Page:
Secretary to Parliament Gengezi Mgidlana File photo
Parliament – The union representing workers in Parliament on Tuesday demanded an independent probe into the national legislature's secretary, Gengezi Mgidlana, whom they accuse of corruption and maladministration.

Mgidlana this past weekend released a statement in which he slammed the Nehawu of character assassination, saying the union's claims that he erroneously awarded himself a bursary and a bonus of R70,000 were "misleading and disingenuous".

Nehawu, which is currently engaged in a dispute with Mgidlana and senior management over the 2017 salary increases, on Tuesday hit back.

The union has given Parliament's presiding officers, including Speaker Baleka Mbete, until the end of the week to suspend Mgidlana pending the outcome of an independent investigation.

The union said it would provide documentary proof of Mgidlana's transgressions.

"We want to assure him that we have irrefutable hard-core evidence to prove our case and kick him out of Parliament because he doesn't deserve to be here. He lost his legitimacy the first day he set foot here," said Sthembiso Tembe, chairperson of the Nehawu's parliamentary launch.

While tabling last week's parliamentary budget, Mbete said a parliamentary audit would conduct a probe into the allegations against Mgidlana.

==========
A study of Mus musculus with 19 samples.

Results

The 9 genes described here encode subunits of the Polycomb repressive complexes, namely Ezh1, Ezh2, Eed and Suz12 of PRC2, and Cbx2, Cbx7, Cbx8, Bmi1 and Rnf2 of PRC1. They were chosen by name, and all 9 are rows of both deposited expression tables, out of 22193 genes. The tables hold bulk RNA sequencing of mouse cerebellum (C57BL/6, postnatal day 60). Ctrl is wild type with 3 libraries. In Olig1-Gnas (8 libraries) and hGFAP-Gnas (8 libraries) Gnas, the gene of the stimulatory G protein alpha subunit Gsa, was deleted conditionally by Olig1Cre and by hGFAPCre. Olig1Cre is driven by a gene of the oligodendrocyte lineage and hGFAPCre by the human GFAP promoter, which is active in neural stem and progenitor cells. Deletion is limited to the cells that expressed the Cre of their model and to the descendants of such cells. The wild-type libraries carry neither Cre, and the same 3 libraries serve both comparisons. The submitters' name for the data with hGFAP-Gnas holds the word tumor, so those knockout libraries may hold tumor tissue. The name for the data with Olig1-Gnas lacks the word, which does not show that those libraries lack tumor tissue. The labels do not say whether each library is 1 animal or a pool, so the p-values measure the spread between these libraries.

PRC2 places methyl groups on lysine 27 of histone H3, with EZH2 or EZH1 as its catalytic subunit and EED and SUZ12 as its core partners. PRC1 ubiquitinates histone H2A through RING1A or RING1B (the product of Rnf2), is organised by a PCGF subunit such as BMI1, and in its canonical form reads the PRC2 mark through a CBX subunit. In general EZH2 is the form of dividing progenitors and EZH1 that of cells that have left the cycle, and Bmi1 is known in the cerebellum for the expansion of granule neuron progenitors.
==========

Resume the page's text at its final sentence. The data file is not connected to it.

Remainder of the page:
The union said it was against a probe by internal audit staff as they reported to Mgidlana.

The union wants an independent investigation, adding Mgidlana should not be allowed on parliamentary premises during the probe.

"This suspension must be coupled with its usual conditions. Failure to do that lends credence to the view that Mgidlana is untouchable and is accorded preferential treatment," said Tembe.

Mgidlana on Sunday denied that staff would not get their annual salary increases, appealing to staff to "return to the negotiating table".

The unions said its previous meetings with management had been reduced to "tea sessions" with no offers being put on the table.

"Going forward they have to call us when they have a new tangible position in accordance with the directives of the presiding officers." Tembe said

Mgidlana's claims that Parliament was awarded a smaller than expected budget with a shortfall of over R1 billion was not an excuse to deny workers a pay rise.

"Parliament was warned to exercise austerity measure about three years ago. Instead of cushioning the limited resources of Parliament as advised by the National Treasury, Mgidlana expanded his support staff with gay abandon and created positions that were not part of the structure of Parliament."

Nehawu said it was still awaiting feedback from the public protector after the union laid a complaint in July last year.

The union said it intended taking Mgidlana to the cleaners. If he is not removed and Nehawu does not get any joy from the Public Protector, the union vowed to approach the courts for an order to declare Mgidlana unfit to hold office.

Nehawu regional secretary Baxolise Mali weighed in, asking presiding officers to stop treating Mgidlana like "a golden boy".

Labour relations at Parliament has been at a low for the past few years. In 2015, workers went on strike over, among others, bonuses and working conditions.